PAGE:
Van Loon’s portrait of Rembrandt merges two romantic conceptions of the artist: The first is a view of the artist as an unappreciated genius undervalued by a fickle public, and the second is a conception of the artist as one who cannot cope with the practical concerns of daily life. Thus, Van Loon accounts for Rembrandt’s difficulties in his later years by a combination of Rembrandt’s integrity as a painter unwilling or unable to conform to the shallow tastes of the public and of his inability to manage his financial and personal affairs. This interpretation makes Rembrandt both hero and victim and gives the reader of any age a reason to care about him.
Although knowledgeable readers may presume Rembrandt’s greatness, Van Loon utilizes several narrative techniques to gain his audience’s appreciation for the artist’s work. The most important method may be the use of the sensitive and intelligent narrator, Joannis, to testify to the worth of Rembrandt’s paintings. In addition, Van Loon creates dialogue in which Rembrandt describes his own vision of particular works. Finally, reproductions of selected paintings and etchings allow readers to form their own opinions. These strategies convince readers both of Rembrandt’s greatness and of the injustice of the reception given his later works.
For example, Van Loon sees Rembrandt’s acclaimed The Nightwatch (1642), a painting of a company of military volunteers, as a turning point in the artist’s career. In the biography, Rembrandt is shown displaying the work to an amazed and...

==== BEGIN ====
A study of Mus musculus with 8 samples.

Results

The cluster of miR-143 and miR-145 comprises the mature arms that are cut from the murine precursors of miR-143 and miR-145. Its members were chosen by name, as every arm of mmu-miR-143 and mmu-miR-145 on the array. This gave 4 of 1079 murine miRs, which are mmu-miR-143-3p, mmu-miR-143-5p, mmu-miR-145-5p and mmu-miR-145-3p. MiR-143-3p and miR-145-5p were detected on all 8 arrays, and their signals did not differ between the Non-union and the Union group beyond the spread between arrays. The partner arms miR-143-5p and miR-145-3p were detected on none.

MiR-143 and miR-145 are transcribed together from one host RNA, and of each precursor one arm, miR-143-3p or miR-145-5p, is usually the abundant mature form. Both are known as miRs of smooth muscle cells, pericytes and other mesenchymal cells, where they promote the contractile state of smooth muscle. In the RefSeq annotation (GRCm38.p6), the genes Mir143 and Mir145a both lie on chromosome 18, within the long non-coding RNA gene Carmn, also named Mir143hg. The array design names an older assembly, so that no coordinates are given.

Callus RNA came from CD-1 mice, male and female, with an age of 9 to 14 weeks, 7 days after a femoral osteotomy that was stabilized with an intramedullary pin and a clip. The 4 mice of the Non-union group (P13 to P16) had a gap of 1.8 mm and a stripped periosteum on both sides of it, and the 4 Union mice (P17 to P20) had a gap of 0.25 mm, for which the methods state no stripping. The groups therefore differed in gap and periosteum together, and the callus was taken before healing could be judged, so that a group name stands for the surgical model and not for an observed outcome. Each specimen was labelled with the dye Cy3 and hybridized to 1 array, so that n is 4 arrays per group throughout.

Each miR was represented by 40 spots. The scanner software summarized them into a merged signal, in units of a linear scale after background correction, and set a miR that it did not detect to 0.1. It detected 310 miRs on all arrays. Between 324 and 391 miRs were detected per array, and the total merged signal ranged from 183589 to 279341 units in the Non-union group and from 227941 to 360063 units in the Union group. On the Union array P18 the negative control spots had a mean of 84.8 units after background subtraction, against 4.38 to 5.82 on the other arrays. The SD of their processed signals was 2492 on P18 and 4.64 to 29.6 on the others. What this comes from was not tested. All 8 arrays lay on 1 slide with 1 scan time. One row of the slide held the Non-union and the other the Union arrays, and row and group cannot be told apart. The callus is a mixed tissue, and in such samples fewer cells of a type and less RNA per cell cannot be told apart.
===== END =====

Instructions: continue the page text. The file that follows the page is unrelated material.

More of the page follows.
Nevertheless, fictionalized biography frequently presents historical speculation as if it were fact. Certainly, a number of Van Loon’s interpretations are questioned by recent art historians. Van Loon’s thesis—that Rembrandt’s problems in his later years stemmed from a lack of public appreciation—has become a subject of debate. For example, there is good evidence that The Nightwatch was not the failure that Van Loon presents but was greatly admired at the time. Van Loon also depicts Dircx, a servant and nurse in the Rembrandt household, as a hysterical and dangerous woman who made life miserable for the great painter; some historians believe her to have been Rembrandt’s mistress and the model for several important works. Although readers need to understand that R. v. R. is a narrative based on an arguable interpretation of historical documents, the biography serves as an excellent introduction both to Rembrandt and to seventeenth century Dutch life.